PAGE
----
Innovation Filled the U.S. Non-Alcoholic Beverage Market in 2018
NEW YORK — When it comes to non-alcoholic beverages, U.S. consumers have a thirst for trying new products.
In 2018, innovation filled the U.S. non-alcoholic beverage market, with new products — including new product launches, brand extensions and new flavor offerings — accounting for 10 percent, or $5.8 billion, of the $56 billion beverage category, according to Nielsen.
When looking across the calendar year, Nielsen Innovation Measurement Activity data found that July was the heaviest month for product innovation with 621 new innovations and November was the lightest with 169 new products.
Innovation was widespread across the non-alcoholic beverage category, but buzz also surrounded the invigoration of beverage staple categories such as milk, water and tea. For example:
- Dollar sales increased 17 percent from last year in the $2.1 billion sparkling water category mostly due to new players and new flavor offerings.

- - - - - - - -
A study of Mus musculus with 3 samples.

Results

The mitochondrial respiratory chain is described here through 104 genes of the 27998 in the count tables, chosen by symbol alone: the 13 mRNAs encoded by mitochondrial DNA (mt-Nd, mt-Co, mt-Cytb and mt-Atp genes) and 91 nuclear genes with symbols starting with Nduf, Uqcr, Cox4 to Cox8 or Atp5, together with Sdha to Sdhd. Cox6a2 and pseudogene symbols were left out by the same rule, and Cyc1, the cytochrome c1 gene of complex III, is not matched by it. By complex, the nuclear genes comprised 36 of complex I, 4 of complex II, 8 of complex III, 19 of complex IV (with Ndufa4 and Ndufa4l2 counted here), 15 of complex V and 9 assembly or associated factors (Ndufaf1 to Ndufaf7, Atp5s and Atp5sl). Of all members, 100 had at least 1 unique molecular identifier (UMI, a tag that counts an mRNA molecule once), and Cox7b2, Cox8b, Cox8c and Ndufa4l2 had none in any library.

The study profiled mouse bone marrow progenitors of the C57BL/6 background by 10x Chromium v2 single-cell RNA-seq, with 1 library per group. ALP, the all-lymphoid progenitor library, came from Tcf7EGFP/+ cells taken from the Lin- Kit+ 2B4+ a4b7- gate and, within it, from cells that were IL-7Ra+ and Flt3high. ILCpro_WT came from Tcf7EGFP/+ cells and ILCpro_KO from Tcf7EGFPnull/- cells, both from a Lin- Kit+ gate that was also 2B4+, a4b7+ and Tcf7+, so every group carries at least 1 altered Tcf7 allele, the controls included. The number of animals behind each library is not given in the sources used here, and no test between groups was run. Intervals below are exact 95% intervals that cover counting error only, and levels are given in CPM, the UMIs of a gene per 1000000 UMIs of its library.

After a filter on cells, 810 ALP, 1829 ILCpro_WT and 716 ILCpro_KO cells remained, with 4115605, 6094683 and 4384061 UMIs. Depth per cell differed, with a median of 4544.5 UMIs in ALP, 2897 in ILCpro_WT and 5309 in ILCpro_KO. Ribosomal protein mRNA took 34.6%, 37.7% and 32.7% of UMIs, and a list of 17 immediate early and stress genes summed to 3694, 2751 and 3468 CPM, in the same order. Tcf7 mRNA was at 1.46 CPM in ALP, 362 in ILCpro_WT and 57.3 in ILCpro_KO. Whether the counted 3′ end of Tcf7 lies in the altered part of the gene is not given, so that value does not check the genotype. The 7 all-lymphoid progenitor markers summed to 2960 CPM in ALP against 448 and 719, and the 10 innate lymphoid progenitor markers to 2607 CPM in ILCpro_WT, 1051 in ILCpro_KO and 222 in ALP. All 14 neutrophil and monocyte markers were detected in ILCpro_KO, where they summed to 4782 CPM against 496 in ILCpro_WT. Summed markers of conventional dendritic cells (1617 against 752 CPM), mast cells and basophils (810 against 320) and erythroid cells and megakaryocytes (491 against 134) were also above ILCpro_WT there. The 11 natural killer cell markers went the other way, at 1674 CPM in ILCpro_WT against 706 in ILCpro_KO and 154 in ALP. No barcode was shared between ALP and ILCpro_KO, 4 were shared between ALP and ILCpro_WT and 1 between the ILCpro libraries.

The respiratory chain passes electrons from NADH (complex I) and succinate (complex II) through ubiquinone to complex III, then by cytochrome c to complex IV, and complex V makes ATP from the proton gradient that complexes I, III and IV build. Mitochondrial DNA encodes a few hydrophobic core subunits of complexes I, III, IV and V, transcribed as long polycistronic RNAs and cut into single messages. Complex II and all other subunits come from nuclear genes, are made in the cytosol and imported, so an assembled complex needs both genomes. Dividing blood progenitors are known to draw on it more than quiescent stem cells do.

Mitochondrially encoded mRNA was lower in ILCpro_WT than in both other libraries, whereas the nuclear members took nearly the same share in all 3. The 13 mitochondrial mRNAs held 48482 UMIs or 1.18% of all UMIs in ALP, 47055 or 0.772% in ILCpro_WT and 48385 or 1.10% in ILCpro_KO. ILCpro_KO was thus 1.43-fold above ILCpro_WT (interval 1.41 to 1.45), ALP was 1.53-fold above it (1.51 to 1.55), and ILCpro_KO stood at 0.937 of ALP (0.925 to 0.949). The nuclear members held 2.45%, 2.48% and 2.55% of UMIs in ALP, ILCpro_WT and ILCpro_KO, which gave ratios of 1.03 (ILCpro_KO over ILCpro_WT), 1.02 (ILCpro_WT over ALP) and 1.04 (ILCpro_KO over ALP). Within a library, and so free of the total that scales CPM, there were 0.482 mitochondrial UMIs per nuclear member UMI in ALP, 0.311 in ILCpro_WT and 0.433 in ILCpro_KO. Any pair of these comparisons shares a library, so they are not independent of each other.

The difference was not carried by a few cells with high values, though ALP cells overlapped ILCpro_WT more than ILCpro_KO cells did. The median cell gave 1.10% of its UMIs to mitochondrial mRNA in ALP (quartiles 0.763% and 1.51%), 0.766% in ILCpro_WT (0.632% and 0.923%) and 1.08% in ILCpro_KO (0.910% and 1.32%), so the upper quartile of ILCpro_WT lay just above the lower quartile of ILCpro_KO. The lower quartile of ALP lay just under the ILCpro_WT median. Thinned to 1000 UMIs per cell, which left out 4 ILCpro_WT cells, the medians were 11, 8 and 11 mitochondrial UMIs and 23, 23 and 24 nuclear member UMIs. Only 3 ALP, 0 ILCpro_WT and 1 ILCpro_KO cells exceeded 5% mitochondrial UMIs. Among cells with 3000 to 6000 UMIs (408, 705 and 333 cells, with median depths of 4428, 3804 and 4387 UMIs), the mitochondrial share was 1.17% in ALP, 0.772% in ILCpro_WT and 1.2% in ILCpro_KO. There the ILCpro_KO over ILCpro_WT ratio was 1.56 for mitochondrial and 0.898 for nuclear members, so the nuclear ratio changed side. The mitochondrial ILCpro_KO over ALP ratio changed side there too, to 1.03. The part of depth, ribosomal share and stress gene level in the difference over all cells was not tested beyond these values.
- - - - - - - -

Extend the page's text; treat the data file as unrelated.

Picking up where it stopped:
- The $1.7 billion milk alternatives category saw consumers opting for alternatives like almond milk (up 12 percent in dollar sales growth vs. last year) and oat milk (up 69 percent vs. last year).
- Kombuch, a $433 million category, revitalized the tea market with new, compelling offers.
In the ongoing quest for improved health, water remained a top choice for consumers in 2018, with the staple experiencing a 6-percent increase in sales over the past year, pushing total sales to more than $16.1 billion. The raise in water sales hits well above the 2.4-percent growth that the overall beverage category experienced and was led by strong demand for both sparkling and value-added waters, Nielsen noted.
Bubbles were a top innovation characteristic in 2018, as 71 percent of new items to the category were sparkling waters, followed by water items with "calorie free" claims.
Innovation will continue to be a play an important role in the non-alcoholic beverage category in 2019; but, to be successful, U.S. beverage manufacturers will need to continue to work hard to maintain consumer interest and introduce meaningful innovation to stay competitive and relevant in today’s increasingly crowded product marketplace, Nielsen stated.